It occurs to me – as I read Debbie Schachter’s recent essay about “internalizing the love of learning” – that perhaps one of the barriers to strategic learning is that very thing: some people just have not figured out that learning only happens when one wants to learn. And the desire doesn’t kick in when one thinks of learning as a chore or something to be “got through” as quickly (and usually as painlessly) as possible. For many people, the love of learning is not part of their personality, and when that’s the case, moving to strategic learning is not going to be easy.
Don’t get me wrong. I’m not taking a cynical approach here, but Schachter’s article (in the September 2010 issue of Information Outlook) makes a very important point for those of us involved in knowledge services. As we seek to converge information management, knowledge management, and strategic learning into the “practical side” of KM, for “putting KM to work” (as we like to characterize knowledge services), we begin with an assumption that might require a second look. We like to define strategic learning as any learning we undertake that helps us work better or smarter. Perhaps we are assuming that everyone approaches the idea of strategic learning from a positive, it’s-a-good-thing-to-do point of view.
But is that always the case? One of the great worries of consultants, change management specialists, and anybody else in the company who wants to get people to move from one way of doing something to another is what appears to be simply a lack of interest. Many people just can’t seem to get motivated to do something different, even if they’ve been told how much “better” it will be for them to take the new approach. How many new, very helpful, and really very easy-to-learn tools have been added to the corporate intranet and just languish there because no one is using them (except for one or two of us geeks who pushed to get them there)?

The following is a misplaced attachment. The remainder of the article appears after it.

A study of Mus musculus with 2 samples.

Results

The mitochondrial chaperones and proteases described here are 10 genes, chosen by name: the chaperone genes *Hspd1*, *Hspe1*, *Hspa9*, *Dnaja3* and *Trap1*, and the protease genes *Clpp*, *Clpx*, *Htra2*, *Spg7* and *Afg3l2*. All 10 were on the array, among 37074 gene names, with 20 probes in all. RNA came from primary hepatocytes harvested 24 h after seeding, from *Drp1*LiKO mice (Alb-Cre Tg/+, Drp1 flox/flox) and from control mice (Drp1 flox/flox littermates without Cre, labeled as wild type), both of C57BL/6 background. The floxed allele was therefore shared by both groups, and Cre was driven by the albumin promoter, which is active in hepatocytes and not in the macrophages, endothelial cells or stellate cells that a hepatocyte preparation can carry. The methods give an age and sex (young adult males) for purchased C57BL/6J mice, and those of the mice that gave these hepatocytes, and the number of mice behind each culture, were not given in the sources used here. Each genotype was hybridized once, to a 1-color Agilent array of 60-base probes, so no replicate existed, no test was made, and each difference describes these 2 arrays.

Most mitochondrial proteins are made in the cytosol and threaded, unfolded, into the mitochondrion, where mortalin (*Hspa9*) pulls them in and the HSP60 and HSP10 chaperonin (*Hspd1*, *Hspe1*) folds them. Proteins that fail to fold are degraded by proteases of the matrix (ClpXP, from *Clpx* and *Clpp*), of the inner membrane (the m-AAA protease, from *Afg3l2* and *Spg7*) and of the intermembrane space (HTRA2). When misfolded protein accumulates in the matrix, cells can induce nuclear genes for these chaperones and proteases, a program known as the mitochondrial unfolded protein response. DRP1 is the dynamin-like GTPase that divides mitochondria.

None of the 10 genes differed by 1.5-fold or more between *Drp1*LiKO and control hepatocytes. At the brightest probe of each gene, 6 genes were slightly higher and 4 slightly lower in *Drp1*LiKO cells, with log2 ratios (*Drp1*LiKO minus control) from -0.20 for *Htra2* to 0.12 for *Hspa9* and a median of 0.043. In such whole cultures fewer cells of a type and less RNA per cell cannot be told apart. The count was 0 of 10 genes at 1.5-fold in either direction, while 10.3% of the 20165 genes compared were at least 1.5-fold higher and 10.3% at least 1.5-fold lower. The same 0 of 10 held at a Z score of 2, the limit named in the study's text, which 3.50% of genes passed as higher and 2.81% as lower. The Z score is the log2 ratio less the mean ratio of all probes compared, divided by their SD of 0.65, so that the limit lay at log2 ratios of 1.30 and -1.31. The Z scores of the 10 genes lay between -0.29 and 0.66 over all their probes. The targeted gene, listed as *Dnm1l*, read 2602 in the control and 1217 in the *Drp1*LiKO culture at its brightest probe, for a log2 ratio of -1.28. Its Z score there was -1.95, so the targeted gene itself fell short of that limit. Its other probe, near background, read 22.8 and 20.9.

Is there some personality “get-motivated” gene that gets people interested in learning? Is it a cultural issue, whereby people who grew up in families where reading and learning is not the norm have to “get over” a particular cultural or sociological barrier before they can get interested in learning. Surely it isn’t just simple laziness, is it? Don’t we all find the energy and the motivation to learn the things we want to learn? If that’s the case, why do some people push back when it comes to learning or doing something different at work, even something that is established as a tool or technique that will make life in the workplace better (or perhaps just easier)?
I don’t know the answer, but I do know that moving people toward strategic learning is one of our challenges, and I like a couple of Schachter’s approaches to the problem. For one thing, she points out that we might – in the workplace – be forced to recognize that learning is “more or less essential” – as she puts it – and the times we live in simply might not leave us any choice.
Schachter puts another spin on the subject, too, one which I like and which I find myself using more often that I want to admit. Oftentimes my personal/professional idealism just doesn’t cut it with some of the people I’m trying to bring around, and I have to lean on the old “what’s-in-it-for-me” perspective. When people get the idea that what’s there can bring some personal benefit – when the “WIIFM” is clearly stated – the resistance seems to break down a little. Schachter makes a move in this direction too, by pointing out that “Acquiring knowledge and information on a constant basis can help you stay ahead of new technologies and business practices or even point you in a new career direction.”
Well said, Debbie. If the love of learning isn’t something that comes naturally, perhaps it’s best just to put it out there and let whatever it is that drives people motivate them to learning what they need to know. But fantasy idealist that I am, I still wish they would do it just because they love learning.